I’ve been pondering between a couple of ideas recently. Idea #1 is a storytelling show that, ultimately, I’ve started writing and will be astonishingly good. I mean it’s better than “the storytelling set” on myth and legend so. Yeah. Idea #2 is about putting together a projection show thats based on interesting new things I’ve learnt in the last year with some sort of tenious through line. This is on the back burner at the moment, but I thought I’d write a few things down that I’d learnt recently that, for one reason or another, I find endlessly fascinating. See what you think.
Alaska is really big.
I saw a map in The Guardian this week which showed the size of Alaska compared to other places (for those interested in how our world maps are distorted please got to youtube and type “map” and “West Wing”). Alaska is seven times bigger than the UK, and is bigger than all but 18 countries. What I found most interesting was that if you put Alaska on top of the continental USA then it’s nearly one third of the land mass. It was also bought from Russia by the USA for $7.2m and only became a state in 1959. More on “statehood” later…
Swimming hurts more than rowing
I’ve started both rowing and swimming this week as part of a desperate effort to get fit and put behind me the health issues I had in 2018 and early 2019 (in short pneumonia, infection, breathing issues, feeling sad and panicking about having a heart attack – I didn’t, phew). Anyway, I bought a rowing machine for £20 and have been doing bits. The pain is mostly legs and shoulders. Swimming however feels like someone has put a tube in me and drained all the life force out of me afterwards – then the next day I feel a bit more energised. I’ve been monitoring a few things more regularly – peak flow, heart rate, O2 saturation – let me tell you, when you’re ill and you have Amazon you will buy medical equipment you don’t need and trying to get back to how healthy I was ten years ago…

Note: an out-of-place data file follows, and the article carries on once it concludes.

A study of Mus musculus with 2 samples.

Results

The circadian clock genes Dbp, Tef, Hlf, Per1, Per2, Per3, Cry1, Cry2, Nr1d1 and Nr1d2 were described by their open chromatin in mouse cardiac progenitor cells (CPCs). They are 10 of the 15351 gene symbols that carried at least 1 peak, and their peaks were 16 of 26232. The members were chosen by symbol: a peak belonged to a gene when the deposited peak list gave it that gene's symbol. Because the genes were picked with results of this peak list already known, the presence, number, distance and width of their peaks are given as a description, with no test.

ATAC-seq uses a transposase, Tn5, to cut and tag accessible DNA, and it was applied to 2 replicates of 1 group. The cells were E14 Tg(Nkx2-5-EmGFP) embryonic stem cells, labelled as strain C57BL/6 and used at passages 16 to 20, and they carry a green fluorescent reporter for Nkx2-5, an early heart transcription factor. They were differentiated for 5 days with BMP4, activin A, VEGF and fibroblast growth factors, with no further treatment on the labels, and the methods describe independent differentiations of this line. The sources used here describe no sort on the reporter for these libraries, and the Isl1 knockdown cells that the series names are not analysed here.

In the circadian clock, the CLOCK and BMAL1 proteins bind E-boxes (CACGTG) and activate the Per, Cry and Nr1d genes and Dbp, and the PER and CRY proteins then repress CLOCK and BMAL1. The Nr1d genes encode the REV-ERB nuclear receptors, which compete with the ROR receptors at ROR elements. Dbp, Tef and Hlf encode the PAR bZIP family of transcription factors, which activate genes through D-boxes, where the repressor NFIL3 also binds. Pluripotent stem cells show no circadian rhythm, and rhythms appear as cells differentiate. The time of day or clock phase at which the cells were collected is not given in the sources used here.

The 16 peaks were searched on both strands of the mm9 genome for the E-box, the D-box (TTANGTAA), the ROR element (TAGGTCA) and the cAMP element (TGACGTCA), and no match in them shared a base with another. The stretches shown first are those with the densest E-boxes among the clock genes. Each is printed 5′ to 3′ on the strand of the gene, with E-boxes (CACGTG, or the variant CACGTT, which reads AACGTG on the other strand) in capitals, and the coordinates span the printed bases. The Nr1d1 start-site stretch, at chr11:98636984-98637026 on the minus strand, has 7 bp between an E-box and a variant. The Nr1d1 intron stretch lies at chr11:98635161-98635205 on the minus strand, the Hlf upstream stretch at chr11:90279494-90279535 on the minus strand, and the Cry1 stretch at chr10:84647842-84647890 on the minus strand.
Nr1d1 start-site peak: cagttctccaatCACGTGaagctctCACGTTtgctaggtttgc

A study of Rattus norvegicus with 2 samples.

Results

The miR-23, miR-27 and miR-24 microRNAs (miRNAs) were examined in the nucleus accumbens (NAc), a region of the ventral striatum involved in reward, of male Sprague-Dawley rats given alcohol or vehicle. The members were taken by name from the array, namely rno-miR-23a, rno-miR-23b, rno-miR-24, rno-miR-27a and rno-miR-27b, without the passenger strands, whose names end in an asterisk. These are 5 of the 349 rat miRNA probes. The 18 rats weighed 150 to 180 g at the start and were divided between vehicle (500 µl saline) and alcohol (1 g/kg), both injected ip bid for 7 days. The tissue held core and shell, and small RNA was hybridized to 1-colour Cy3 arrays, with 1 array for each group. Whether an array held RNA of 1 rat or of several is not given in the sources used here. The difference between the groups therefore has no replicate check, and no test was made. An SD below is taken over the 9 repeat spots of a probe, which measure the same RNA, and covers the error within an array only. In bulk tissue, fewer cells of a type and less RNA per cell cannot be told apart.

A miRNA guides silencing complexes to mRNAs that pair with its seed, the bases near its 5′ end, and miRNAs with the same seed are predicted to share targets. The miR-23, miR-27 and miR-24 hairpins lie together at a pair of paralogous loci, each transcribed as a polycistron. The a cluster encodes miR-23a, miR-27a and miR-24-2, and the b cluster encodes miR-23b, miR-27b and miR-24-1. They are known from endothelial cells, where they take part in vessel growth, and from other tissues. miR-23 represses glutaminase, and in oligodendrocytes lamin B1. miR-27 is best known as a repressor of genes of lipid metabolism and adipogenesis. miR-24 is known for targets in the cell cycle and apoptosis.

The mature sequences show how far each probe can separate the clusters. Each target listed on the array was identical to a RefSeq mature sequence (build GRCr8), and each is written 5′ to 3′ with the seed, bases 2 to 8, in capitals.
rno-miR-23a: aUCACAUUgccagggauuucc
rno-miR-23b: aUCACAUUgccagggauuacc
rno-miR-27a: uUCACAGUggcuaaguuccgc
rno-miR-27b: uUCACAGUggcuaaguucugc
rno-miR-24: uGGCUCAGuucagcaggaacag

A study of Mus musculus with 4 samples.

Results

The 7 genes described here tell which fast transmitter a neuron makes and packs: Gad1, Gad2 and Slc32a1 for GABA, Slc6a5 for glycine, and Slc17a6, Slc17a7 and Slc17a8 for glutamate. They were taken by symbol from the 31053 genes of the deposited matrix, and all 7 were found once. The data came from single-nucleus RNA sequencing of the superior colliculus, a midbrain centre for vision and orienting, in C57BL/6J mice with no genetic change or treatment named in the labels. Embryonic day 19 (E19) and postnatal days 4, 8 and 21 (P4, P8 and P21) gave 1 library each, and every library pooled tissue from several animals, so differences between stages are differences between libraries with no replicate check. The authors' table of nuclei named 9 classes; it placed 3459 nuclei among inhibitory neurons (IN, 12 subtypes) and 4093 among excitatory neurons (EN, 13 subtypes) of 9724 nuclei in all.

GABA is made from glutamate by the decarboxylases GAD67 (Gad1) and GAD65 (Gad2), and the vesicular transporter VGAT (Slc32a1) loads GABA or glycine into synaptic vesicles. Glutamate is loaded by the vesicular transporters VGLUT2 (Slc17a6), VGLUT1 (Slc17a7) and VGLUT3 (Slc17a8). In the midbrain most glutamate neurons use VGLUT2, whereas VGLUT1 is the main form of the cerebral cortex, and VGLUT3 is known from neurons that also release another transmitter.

Amelia Earhart was fascinating
Amelia Earhart was a pilot, famous for her feats of daring, flying around the world in dangerous planes (as they all were at the time), and, of course, for doing this in a time when this wasn’t regarded as an activity for women. She and her co-pilot went missing, presumed dead, but there’s new theory that they became stranded on an island in the South Pacific called Gardner Island. The “evidence” is rather circumstantial and not binding – part of a plane, make up and evidence of people living there. It’s also distorted by the fact that this island has a bit of a history of castaways. There’s a romanticism about being in a deserted place. I think I found it sad, that she died away from friends and family, either of injuries from a crash or from the lack of water on the arid island, after achieving so much at just 39.